Analytics Are Not Always Perfect

Measuring internet traffic is not yet an exact science. Although as an industry we are getting closer, there are still discrepancies between certain analytics sources when calculating visitors for the same website.

In his article Facebook Vs. YouTube: Which Site Has More Visitors?, Martin Beck shows that when using two different data sources, Compete and ComScore, to answer the simple question, “Does Facebook or YouTube generate more unique monthly visitors?” he gets two differing answers.

Compete’s data showed YouTube received more unique U.S. visitors in June – 167.8 million compared to Facebook’s 166.4 million.

On the other hand, when looking at the numbers provided by ComScore, Facebook generated more unique monthly visitors in June, with 200.4 million compared to YouTube’s 198.7 million.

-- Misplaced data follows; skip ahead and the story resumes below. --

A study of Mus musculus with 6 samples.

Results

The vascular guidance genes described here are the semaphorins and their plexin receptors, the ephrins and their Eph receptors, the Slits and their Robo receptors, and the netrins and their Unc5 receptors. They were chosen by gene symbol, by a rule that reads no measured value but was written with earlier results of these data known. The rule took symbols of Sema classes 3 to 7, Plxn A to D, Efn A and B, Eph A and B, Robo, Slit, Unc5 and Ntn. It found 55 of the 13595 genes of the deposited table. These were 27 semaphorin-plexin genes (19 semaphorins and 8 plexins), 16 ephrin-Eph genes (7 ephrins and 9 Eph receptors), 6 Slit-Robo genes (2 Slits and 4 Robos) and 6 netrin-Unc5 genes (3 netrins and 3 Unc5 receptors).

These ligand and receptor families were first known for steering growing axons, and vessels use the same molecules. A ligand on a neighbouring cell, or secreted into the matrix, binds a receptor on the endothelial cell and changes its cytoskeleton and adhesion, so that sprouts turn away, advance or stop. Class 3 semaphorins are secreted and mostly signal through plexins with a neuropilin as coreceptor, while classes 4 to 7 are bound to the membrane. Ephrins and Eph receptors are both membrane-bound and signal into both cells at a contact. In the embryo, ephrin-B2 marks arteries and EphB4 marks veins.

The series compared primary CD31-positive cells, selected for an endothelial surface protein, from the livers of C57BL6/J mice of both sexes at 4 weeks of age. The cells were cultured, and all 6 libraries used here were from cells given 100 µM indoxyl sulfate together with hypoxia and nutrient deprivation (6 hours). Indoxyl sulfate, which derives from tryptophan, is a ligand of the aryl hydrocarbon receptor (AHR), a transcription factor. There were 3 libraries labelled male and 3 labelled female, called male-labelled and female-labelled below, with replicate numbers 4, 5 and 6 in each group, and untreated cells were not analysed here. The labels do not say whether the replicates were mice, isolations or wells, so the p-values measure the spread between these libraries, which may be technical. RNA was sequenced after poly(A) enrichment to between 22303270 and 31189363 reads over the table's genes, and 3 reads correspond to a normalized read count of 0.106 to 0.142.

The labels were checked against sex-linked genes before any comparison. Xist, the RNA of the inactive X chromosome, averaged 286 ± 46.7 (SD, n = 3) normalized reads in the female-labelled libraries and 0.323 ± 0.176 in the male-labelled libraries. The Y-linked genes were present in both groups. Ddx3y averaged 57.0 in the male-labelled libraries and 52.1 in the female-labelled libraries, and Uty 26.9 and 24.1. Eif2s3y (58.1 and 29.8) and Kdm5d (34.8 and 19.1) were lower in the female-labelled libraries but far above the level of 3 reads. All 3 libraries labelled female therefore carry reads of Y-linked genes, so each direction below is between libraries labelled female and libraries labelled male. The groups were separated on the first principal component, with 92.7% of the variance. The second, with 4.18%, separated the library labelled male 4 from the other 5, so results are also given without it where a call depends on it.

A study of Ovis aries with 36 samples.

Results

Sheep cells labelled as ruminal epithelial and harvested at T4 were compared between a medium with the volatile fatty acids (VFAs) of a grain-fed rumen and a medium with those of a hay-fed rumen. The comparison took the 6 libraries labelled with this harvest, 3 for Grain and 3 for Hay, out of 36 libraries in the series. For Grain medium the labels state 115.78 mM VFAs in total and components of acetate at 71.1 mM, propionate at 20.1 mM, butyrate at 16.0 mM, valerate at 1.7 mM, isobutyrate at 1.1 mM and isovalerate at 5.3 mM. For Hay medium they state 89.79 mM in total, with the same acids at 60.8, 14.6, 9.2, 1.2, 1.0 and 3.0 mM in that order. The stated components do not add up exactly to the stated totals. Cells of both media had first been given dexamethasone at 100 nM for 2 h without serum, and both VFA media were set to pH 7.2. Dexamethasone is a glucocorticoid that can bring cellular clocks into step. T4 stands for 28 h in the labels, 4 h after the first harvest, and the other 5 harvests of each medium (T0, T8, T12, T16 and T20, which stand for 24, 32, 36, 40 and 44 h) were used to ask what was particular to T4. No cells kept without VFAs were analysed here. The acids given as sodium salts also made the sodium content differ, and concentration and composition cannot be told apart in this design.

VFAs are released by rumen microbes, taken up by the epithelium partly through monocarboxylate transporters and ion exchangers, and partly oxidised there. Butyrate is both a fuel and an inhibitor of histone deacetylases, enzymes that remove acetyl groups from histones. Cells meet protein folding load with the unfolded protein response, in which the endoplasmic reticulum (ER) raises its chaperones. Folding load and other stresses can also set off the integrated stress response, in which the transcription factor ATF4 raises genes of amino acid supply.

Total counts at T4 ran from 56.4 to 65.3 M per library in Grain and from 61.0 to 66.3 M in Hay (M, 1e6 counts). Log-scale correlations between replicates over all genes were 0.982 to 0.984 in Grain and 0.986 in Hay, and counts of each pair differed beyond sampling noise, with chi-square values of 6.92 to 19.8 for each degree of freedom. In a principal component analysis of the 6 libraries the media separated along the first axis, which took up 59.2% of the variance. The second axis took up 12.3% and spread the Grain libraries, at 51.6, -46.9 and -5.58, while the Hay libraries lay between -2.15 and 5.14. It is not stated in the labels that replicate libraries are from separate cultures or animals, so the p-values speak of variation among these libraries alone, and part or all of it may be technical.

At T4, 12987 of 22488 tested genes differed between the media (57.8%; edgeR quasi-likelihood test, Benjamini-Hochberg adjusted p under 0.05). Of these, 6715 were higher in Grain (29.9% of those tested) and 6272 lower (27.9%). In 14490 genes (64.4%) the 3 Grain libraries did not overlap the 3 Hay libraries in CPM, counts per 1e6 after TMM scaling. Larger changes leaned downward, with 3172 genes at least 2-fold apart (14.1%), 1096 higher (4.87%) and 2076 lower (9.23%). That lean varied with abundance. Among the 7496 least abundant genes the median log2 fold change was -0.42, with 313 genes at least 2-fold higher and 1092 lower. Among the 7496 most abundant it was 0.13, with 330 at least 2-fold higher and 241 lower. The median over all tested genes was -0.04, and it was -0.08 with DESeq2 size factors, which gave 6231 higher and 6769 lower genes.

Beck believes this discrepancy in data is caused as a result of two factors:

  1. The data is taken from a smaller sample size and then averaged across the population. Thus, the data collected from that sample is not always going to be an exact representation of the entire country.
  2. Mobile visitors – if measuring total monthly visitors is not an exact science, calculating mobile visitors is even less of one. Those on mobile devices could be impacting the data.

The main takeaway from this article is to take search analytics with a grain of salt. We’ve gotten to the point where most of the time the numbers are going to be extremely close to the real story, but sometimes, such as this case, the data is not always perfect.